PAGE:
Auntie SparkNotes: Should I Tell My Parents About My Same-Sex Romance?

Hello Auntie,

My problem is probably one that many teens face every day. I recently began a relationship with a beautiful, wonderful, and extremely talented girl. I feel really comfortable with her and she's completely accepting of the fact that I'm less then sane. The only problem with this is that I'm also a girl. I know, that shouldn't be a problem, but it is. I don't mind it because I know that I'm attracted to girls, but my family will.

I've tried to come out to my mother before, and the only thing that she did was scream at me and tell me that I'm "disgusting" and that "no parent wants a gay child". She then proceeded to ban me from seeing any of my female friends because I could very well be having sex with them if I wasn't supervised 24/7. She refused to look at me, so I left and went to work. She only looked at me again when I texted her and apologized, saying that it was simply confusion, and that I liked boys. (It wasn't a total lie. I did feel sorry and I'm actually bisexual, so I do like boys).

At this point I wasn't really close with my girlfriend yet, so I just let it go and focused on boys. I took a boy to prom, but at the same time, I developed a crush on my girlfriend. Eventually I just stopped trying to find a boy and started really paying attention to my girlfriend and we started dating.

When she told her parents they simply joked about it and basically said "okay". I have to hide it from my parents. I'm so anxious about it that I'm getting physically sick, because I know that if they find out then my life and my relationship is over. I feel so guilty because I'm lying to them. I know that it's necessary because I'm falling in love with my girlfriend and I don't want the relationship to end. I was just wondering if I should tell my parents, and if so how should I tell them? If I shouldn't tell them, then how do I keep my anxiety under control?

Oh, Sparkler. As if there were anyone out there who could be in this position and not be anxious about it? You're being forced to make a choice between concealing and repressing your identity, or being honest and being punished for it: of course you're going crazy with fear and frustration. But like every other LGBT kid who's ever kept that secret for the sake of her health, safety, and happiness, you need to make peace with it as an imperfect but temporary solution to a horrible, impossible problem. Your parents' inability to handle the truth about who you are doesn't make the truth bad. Not telling the truth for the sake of your safety doesn't make you a liar. And when you choose secrecy—particularly when you know, having tried, that honesty is not an option—you're doing the right thing.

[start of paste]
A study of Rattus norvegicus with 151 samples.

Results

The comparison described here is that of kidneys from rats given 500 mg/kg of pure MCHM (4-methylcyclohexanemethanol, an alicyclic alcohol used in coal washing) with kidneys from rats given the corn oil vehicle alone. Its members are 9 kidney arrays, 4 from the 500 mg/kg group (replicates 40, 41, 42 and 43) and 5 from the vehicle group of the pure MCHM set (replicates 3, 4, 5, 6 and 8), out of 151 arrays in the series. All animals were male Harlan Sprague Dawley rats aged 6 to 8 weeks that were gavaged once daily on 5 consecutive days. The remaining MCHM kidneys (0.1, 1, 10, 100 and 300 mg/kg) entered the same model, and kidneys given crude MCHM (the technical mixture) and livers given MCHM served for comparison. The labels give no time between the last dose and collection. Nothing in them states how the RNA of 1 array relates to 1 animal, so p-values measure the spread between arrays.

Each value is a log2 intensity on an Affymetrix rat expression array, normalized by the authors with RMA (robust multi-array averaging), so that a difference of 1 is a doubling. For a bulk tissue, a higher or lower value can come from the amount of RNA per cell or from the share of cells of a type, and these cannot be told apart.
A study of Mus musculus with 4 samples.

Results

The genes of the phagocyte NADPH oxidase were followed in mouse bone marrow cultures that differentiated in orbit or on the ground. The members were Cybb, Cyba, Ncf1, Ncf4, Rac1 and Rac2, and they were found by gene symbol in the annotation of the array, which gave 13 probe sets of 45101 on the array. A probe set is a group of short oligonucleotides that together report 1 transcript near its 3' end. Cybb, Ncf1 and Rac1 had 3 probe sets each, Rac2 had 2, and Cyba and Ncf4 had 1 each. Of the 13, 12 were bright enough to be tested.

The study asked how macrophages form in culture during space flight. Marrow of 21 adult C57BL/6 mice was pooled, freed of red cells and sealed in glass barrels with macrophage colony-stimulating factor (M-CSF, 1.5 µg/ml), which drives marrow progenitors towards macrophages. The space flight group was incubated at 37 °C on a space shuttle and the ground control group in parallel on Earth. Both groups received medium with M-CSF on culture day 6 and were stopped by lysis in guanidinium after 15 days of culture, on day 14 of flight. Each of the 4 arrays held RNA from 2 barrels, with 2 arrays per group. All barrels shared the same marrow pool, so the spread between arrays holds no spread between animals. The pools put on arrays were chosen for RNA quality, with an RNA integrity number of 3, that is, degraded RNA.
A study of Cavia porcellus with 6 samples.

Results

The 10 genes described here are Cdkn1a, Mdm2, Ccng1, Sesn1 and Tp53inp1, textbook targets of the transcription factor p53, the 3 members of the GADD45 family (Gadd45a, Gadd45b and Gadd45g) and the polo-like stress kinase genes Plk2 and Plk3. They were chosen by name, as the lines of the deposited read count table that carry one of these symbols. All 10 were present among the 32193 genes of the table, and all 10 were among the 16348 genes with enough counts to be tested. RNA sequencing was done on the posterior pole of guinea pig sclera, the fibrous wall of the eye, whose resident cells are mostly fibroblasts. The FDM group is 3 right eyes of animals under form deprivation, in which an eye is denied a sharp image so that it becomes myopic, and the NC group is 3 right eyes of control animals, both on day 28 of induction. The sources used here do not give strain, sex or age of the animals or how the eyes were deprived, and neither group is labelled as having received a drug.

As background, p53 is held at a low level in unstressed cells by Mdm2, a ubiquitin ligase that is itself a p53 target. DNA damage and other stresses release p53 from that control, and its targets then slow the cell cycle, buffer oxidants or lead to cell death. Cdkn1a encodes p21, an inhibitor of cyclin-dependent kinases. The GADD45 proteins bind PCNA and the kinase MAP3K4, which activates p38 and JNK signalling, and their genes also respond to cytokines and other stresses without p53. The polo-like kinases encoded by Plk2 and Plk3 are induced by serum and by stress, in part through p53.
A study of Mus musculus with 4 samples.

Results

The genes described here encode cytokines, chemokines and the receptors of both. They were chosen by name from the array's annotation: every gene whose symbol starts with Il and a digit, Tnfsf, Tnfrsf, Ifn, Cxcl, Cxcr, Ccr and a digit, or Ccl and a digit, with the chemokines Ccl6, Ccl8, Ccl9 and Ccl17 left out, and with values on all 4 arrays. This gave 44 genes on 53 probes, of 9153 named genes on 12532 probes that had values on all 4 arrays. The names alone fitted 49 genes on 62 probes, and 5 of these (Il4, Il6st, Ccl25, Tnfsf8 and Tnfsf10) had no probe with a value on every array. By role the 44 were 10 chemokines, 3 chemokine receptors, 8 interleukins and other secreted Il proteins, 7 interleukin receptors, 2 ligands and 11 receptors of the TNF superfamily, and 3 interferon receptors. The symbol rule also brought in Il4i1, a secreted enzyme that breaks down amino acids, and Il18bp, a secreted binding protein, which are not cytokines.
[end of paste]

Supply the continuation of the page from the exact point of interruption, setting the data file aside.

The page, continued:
Which, by the way, you really need to give yourself credit for. You worked up the courage and nerve to tell your mom the truth about your sexual orientation—a hard, brave thing to do—and she responded by making it abundantly clear that she doesn't want to hear it.

That's unfortunate, but it's on her, not you. And in the meantime, her reaction speaks for itself: when you told your mom you liked girls, she flipped out and banned you from having any contact with girls. But! When you backtracked, she didn't hand down a new, similar rule about spending time with dudes—even though you could just as easily be having sex with them if not supervised at all times. And that's because your mother doesn't care about you having romantic or sexual relationships; she just doesn't want you to have romantic or sexual relationships with people of the same sex.

Basically, Sparkler, your parents' bad reaction isn't about what you're doing; it's about who you are, how you feel, and who you love.

Which, of course, are things your parents don't get to determine—and, furthermore, things they don't need to know about. Even kids who don't have a compelling reason to hide their sexuality from their parents are still entitled to their privacy, to their feelings, and to the right to fall in love without having to report it.

And while there are some parents who won't agree with that statement... well, they're wrong. Just not ethically, but empirically, about the basic workings of human nature. One of the inevitabilities—and purported joys—of parenthood is that kids aren't little made-to-order automatons who grow up according to the exact specifications of whoever brought them into the world. They're people, and people will feel their own feelings, think their own thoughts, develop their own value systems, and follow their own judgment—especially when it comes to who, and how, they love.

In your case, that judgment might lead you to consider your mom's reasons for objecting to you having a same-sex relationship—namely, that she's disgusted by gay people and doesn't want one for a child—and reject them as undeserving of respect. And it might also lead you to realize that, as long as you live under the same roof as a homophobic tyrant, it only makes sense that keep your relationship a secret, just like every other iota of evidence that you're not totally straight. All that's left now is to be careful, be safe, and be glad for the gift of being in love—and look forward to the not-too-far-off future where, unlike now, you can be who you are without fear.

Got something to say? Tell us in the comments! (And be kind, you guys; our letter-writer is scared and unhappy enough already.) And to get advice from Auntie, email her at

Tags: parents, auntie sparknotes, relationships, dating, coming out, bisexuality, secrets, privacy, bigotry, homophobia, lgbt


Kat Rosenfield is a writer, illustrator, advice columnist, YA author, and enthusiastic licker of that plastic liner that comes inside a box of Cheez-Its. She loves zombies and cats. She hates zombie cats. Follow her on Twitter or Tumblr @katrosenfield.